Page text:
Children who are grappling with their parents' divorce are sure to face a broad range of challenges. One common stressor for kids of divorce is the time when they switch from one parent to another with a custody arrangement. Follow these tips to minimize the stress your children face when making the weekly transition to and from your home.
Say Goodbye Before the Transfer
Help your kids pack their bags and say good-bye before your ex arrives for the transfer. This extra time helps you avoid delays and speeds things up for when your ex is there. It also allows you the chance to comfort your children if they are having any anxieties or worries about going to your ex's house. Sometimes kids can get nervous during transfers, especially when it's new to them.
Simplify the Transfer
There is no need for extended meetings for children to go from your care to your ex's care each week. It's not the time to have discussions about the kids. In fact, if you have any friction with your ex, keep the transfer as brief as possible. Less time in your ex's presence is best and helps your child more quickly continue with the day once they are in their other parent's care.
Stay out of your ex's way by keeping it simple. A friendly greeting and wave as you exchange custody for the day will suffice. If conflict feels inevitable every time you see your ex, discuss dropping your children off at your ex's house, agreeing to stay in the car, wave, and watch them until they're safely inside. In turn, your ex may do the same when dropping the kids off at your house.
Consider Getting Duplicate Items
Kids may find the switch back and forth easier if they don't have to lug a lot of things to and from each parent's house. Talk to your ex about getting duplicates of several items that your kids may need. It's easy to get items like toothbrushes for both houses. Also, if your kids wear school uniforms, always keep some extras in both houses. Extra belongings in both houses can prevent a lot of stressful double-checking at transfer times.
Resist All Temptation to Engage in Drama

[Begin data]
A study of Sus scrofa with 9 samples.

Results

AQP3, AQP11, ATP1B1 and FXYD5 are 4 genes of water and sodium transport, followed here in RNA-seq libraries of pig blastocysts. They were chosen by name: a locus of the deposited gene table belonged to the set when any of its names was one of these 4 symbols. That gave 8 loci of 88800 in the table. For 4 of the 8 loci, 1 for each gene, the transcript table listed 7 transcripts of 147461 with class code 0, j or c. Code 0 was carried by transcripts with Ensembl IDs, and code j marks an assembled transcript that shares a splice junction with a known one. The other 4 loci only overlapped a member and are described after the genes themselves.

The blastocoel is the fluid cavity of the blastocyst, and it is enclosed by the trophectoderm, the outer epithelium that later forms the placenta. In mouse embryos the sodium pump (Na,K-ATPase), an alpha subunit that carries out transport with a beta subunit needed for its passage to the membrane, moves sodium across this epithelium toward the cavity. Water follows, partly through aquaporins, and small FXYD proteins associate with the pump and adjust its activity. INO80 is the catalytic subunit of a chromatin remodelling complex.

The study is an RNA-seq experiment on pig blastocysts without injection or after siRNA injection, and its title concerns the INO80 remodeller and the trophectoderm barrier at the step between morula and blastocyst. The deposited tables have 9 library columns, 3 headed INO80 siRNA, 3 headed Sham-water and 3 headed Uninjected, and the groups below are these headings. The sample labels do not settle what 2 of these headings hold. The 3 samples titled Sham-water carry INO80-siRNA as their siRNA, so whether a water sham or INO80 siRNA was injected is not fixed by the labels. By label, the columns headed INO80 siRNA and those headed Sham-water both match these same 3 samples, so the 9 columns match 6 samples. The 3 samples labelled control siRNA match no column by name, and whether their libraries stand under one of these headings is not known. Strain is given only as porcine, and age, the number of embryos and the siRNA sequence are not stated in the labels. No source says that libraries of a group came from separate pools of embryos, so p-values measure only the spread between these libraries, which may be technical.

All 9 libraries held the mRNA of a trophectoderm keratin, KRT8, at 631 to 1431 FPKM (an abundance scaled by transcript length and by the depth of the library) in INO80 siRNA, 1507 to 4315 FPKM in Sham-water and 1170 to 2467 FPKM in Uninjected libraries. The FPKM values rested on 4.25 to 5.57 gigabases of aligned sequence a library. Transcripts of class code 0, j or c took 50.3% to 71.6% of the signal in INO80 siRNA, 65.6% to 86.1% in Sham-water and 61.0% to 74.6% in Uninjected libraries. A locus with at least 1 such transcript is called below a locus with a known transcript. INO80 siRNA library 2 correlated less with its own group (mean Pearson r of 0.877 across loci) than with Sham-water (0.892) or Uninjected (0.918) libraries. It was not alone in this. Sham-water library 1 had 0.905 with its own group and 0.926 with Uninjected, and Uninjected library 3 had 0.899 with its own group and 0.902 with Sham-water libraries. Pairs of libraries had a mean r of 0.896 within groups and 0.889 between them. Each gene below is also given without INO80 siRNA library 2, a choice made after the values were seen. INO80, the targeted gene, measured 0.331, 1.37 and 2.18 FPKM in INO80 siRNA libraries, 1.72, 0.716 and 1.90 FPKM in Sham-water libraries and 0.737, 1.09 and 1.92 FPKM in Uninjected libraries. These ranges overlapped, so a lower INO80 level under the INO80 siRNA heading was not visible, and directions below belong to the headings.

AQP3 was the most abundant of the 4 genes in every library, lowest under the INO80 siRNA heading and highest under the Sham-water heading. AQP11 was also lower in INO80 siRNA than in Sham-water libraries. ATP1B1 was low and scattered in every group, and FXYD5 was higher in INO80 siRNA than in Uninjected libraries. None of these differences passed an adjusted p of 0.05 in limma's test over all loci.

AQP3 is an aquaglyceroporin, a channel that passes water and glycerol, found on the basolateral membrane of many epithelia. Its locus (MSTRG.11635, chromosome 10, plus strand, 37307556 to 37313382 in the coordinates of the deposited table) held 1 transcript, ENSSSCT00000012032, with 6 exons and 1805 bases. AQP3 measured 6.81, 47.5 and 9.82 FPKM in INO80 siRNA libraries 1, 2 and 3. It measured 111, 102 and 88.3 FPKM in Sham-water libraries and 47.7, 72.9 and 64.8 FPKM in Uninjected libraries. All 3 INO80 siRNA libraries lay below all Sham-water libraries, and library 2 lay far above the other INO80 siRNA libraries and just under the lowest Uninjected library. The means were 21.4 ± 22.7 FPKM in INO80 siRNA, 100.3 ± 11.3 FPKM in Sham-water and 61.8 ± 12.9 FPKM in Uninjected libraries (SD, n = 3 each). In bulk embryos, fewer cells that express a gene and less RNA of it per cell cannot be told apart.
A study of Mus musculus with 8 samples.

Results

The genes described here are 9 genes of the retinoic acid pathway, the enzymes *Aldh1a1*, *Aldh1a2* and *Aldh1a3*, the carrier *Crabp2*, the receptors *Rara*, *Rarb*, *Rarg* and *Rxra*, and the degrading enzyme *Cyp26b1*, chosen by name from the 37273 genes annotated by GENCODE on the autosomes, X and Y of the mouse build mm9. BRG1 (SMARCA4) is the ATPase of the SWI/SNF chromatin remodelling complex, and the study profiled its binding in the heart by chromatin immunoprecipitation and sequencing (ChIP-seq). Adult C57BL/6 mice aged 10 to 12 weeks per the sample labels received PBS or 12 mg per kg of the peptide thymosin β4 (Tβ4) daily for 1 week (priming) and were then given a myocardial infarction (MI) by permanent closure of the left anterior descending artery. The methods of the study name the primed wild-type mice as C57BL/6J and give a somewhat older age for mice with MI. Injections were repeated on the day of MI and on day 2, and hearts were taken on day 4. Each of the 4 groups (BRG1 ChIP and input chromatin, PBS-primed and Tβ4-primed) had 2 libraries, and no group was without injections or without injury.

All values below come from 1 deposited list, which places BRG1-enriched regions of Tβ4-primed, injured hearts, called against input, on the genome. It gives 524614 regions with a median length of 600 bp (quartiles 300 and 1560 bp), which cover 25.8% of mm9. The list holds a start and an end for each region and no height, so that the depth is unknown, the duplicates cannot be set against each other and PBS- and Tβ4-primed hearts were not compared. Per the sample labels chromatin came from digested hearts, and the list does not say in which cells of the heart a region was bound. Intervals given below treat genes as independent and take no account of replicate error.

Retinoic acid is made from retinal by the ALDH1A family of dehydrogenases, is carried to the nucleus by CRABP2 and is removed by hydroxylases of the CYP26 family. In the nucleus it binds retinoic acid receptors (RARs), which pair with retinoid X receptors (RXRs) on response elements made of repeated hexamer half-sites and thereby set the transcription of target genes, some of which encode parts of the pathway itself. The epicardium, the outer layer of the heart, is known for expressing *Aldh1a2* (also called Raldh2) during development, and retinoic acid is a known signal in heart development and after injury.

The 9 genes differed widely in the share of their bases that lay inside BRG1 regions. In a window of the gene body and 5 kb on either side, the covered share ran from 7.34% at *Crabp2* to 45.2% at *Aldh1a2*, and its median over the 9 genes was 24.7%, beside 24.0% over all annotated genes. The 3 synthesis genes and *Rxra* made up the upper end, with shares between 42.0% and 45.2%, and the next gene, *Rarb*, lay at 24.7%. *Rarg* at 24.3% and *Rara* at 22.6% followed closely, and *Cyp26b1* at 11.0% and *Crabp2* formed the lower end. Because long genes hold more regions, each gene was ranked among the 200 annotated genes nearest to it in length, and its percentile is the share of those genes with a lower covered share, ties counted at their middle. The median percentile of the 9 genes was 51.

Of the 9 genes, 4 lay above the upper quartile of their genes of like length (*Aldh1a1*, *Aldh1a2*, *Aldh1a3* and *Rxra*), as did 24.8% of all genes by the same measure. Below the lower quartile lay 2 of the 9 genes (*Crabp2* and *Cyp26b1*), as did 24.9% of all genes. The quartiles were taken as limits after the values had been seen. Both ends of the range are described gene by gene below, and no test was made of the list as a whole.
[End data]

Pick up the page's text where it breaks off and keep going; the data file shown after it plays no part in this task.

If your ex is combative and says rude things to you in front of the children, don't engage in a fight during the transfer. No matter how nasty your ex is, fighting back won't solve the problem. Instead, make notes about what was said to discuss the situation with your lawyer and address the issue with your ex later when the kids aren't around to overhear.
Be Flexible About Exchange Times
Be flexible about the transfer when it's not a huge inconvenience. Try not to get upset if your ex is a few minutes late as long as it is not a regular habit that throws off your plans. Also, if your ex arrives a few minutes early and the kids are ready, letting them go early can create a sense of goodwill. In turn, you may inspire your ex to be similarly considerate during future transfers.
Encourage Kids to Enjoy Time with Your Ex
It's common for children to feel guilty about having a good time without one of their parents during a divorce. They may even feel disloyal. Help the kids avoid this by encouraging them to have fun with your ex. You may even discuss enjoyable plans they have with your ex. Reassuring children that you want them to enjoy time with the other parent can be helpful.
You can step in and help your children with a lot of stressors that may come their way during a divorce. As you put the best interests of your kids first, you can best navigate the process of divorce. Contact the Law Office of Richard Eldridge to schedule a consultation to address your concerns about child custody and family law during your divorce.